I've learned a lot of things about myself through singing. I used to have a certain dislike of the audience, not as individual people, but as a giant body who was judging me. Of course, it wasn't really them judging me. It was me judging me. Once I got past that fear, it freed me up, not just when I was performing but in other parts of my life.
No matter how unreasonable others may seem, I am responsible for not reacting negatively. Regardless of what is happening around me I will always have the prerogative, and the responsibility, of choosing what happens within me. I am the creator of my own reality. When I [review my day], I know that I must stop judging others. If I judge others, I am probably judging myself. Whoever is upsetting me most is my best teacher. I have much to learn from him or her, and in my hearts, I should thank that person.
When I got to the stage, it was like a release, you know what I mean? Because it was like, 'Oh, people like me. People like me. They're listening to what I have to say. They're not judging me on how I look; they're judging me on what I'm saying.' So to me, that's what's worth it, and that's what comedians have.
This topic of judging others could actually be taught in a two-word sermon. When it comes to hating, gossiping, ignoring, ridiculing, holding grudges, or wanting to cause harm, please apply the following: Stop it! It's that simple. We simply have to stop judging others and replace judgmental thoughts and feelings with a heart full of love for God and His children.
Dieter F. Uchtdorf
The process that I want to call scientific is a process that involves the continual apprehension of meaning, the constant appraisal of significance accompanied by a running act of checking to be sure that I am doing what I want to do, and of judging correctness or incorrectness. This checking and judging and accepting, that together constitute understanding, are done by me and can be done for me by no one else. They are as private as my toothache, and without them science is dead.
Percy Williams Bridgman
Wanna know the fastest way to unhappiness? Spend your time judging other people's reasons for happiness! That way, you'll quickly lose your own! The next time you look back at yourself (when you've taken a break from judging others) you'll think "Oh! Where did MY happiness go?" because you were too busy thinking that gay people shouldn't be happy... or, you know, something like that.
C. JoyBell C.
And judging what is appropriate or not appropriate for a country, I think it is important in particular in judging what is the appropriate economic policy framework, one should take into account the overall political environment and the institutional framework within which economic policy operates.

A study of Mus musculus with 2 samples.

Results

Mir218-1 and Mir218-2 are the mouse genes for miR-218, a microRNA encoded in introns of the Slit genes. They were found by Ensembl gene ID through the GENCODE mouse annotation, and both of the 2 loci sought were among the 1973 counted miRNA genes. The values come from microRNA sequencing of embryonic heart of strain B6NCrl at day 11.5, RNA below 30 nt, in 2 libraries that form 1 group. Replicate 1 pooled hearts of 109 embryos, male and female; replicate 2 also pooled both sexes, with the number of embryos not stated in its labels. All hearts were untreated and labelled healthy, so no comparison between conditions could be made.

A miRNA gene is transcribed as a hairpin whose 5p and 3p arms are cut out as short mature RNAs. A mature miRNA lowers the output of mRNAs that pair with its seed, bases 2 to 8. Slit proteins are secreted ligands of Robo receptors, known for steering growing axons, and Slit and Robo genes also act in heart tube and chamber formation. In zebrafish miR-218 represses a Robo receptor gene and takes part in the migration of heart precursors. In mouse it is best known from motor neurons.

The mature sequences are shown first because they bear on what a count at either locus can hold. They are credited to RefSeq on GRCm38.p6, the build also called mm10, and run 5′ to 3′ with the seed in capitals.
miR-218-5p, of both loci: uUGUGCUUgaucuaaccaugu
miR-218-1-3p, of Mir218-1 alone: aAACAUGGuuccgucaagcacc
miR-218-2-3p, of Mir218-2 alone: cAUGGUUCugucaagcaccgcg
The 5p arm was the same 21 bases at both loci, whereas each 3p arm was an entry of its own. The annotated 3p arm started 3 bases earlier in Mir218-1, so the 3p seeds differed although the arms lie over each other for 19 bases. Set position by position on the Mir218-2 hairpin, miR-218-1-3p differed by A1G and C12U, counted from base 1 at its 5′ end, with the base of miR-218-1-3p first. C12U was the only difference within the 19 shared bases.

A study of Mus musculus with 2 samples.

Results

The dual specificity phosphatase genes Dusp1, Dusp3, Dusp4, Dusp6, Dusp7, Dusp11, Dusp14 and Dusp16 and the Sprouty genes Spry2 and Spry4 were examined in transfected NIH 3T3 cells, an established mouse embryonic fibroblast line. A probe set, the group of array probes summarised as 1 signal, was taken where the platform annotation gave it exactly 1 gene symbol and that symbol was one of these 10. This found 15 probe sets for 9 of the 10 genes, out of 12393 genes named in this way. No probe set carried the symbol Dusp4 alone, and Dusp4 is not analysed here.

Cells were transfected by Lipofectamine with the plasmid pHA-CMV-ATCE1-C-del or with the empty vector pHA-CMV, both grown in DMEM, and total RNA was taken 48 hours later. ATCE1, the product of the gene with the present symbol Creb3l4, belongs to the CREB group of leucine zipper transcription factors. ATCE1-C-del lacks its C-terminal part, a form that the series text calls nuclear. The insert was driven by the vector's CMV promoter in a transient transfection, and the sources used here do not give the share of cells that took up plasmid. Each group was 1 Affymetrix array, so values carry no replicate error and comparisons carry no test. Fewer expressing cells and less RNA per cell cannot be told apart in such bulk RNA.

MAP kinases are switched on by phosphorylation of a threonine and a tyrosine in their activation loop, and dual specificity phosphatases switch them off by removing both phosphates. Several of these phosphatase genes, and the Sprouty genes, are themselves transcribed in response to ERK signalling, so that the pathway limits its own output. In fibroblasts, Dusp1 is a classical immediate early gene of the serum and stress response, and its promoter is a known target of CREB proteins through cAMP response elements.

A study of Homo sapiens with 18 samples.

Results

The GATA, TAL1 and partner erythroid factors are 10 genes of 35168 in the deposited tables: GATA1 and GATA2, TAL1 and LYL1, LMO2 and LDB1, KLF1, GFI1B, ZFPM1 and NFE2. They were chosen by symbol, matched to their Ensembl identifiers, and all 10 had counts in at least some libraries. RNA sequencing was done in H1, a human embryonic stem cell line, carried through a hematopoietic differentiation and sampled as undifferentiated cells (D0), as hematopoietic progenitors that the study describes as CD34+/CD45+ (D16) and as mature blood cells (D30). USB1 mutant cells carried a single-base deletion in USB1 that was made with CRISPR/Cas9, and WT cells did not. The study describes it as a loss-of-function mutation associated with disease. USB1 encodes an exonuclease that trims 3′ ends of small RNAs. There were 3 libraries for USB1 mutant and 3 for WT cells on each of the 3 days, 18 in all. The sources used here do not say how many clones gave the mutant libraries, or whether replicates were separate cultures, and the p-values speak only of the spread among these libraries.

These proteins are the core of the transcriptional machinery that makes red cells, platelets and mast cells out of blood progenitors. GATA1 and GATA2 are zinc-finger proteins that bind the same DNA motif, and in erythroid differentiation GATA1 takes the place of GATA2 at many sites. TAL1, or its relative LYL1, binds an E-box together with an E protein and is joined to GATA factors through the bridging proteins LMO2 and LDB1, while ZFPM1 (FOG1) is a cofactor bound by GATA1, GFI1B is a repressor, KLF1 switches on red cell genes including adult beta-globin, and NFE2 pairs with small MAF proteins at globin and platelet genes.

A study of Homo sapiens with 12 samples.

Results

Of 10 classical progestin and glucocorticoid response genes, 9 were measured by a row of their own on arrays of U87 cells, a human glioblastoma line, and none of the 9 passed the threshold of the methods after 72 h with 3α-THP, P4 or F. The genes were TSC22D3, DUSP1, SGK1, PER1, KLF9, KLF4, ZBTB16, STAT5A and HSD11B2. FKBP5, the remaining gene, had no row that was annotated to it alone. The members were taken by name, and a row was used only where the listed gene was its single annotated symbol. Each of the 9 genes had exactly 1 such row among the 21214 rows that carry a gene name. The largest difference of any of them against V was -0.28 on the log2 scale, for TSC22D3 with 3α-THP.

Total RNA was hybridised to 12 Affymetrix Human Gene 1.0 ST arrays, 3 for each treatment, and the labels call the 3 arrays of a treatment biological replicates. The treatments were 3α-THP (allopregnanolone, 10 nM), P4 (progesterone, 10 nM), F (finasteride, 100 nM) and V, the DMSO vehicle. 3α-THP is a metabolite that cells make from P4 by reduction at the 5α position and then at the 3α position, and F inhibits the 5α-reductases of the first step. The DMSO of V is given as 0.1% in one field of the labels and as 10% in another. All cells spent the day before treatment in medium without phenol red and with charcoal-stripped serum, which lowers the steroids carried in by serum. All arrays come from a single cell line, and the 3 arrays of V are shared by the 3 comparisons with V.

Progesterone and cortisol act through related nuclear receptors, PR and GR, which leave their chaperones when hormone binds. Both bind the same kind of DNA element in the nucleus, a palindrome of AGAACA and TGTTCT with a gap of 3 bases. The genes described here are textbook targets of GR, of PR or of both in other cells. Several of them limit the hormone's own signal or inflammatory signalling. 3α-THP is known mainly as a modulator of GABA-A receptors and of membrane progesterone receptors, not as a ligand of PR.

Human Error lies in judgment. While many will say that it's wrong to judge, one cannot survive in the light or the darkness without equipping the ability to judge. One must judge their morality. One must judge their potentiality. One must judge their actuality. One must judge their life. One must judge their very existence. What happens when God no longer lends a helping a hand? What happens when God longer judges you? Only you can be the arbiter of your own existence. However, you will have to judge. So let me ask you, what's the difference between judging the subjective reality that one exists in, and judging the value of the subjective reality of another? The only difference lies is the sameness of one conception... judgment. So tell me, is it wrong to judge others, when your very existence depends on you judging reality for validity?
Reproof is unavoidable. God's Word demands it when a brother falls into open sin. The practice of discipline in the congregation begins in the smallest circles. Where defection from God's Word in doctrine or life imperils the family fellowship and with it the whole congregation, the word of admonition and rebuke must be ventured. Nothing can be more cruel than the tenderness that consigns another to his sin. Nothing can be more compassionate than the severe rebuke that calls a brother back from the path of sin. It is a ministry of mercy, an ultimate offer of genuine fellowship, when we allow nothing but God's Word to stand between us, judging and succoring. Then it is not we who are judging; God alone judges, and God's judgment is helpful and healing. Ultimately, we have no charge but to serve our brother, never to set ourselves above him, and we serve him even when we must speak the judging and dividing Word of God to him, even when, in obedience to God, we must break off fellowship with him. We must know that it is not our human love which makes us loyal to the other person, but God's love which breaks its way through to him only through judgment. Just because God's Word judges, it serves the person. He who accepts the ministry of God's judgment is helped.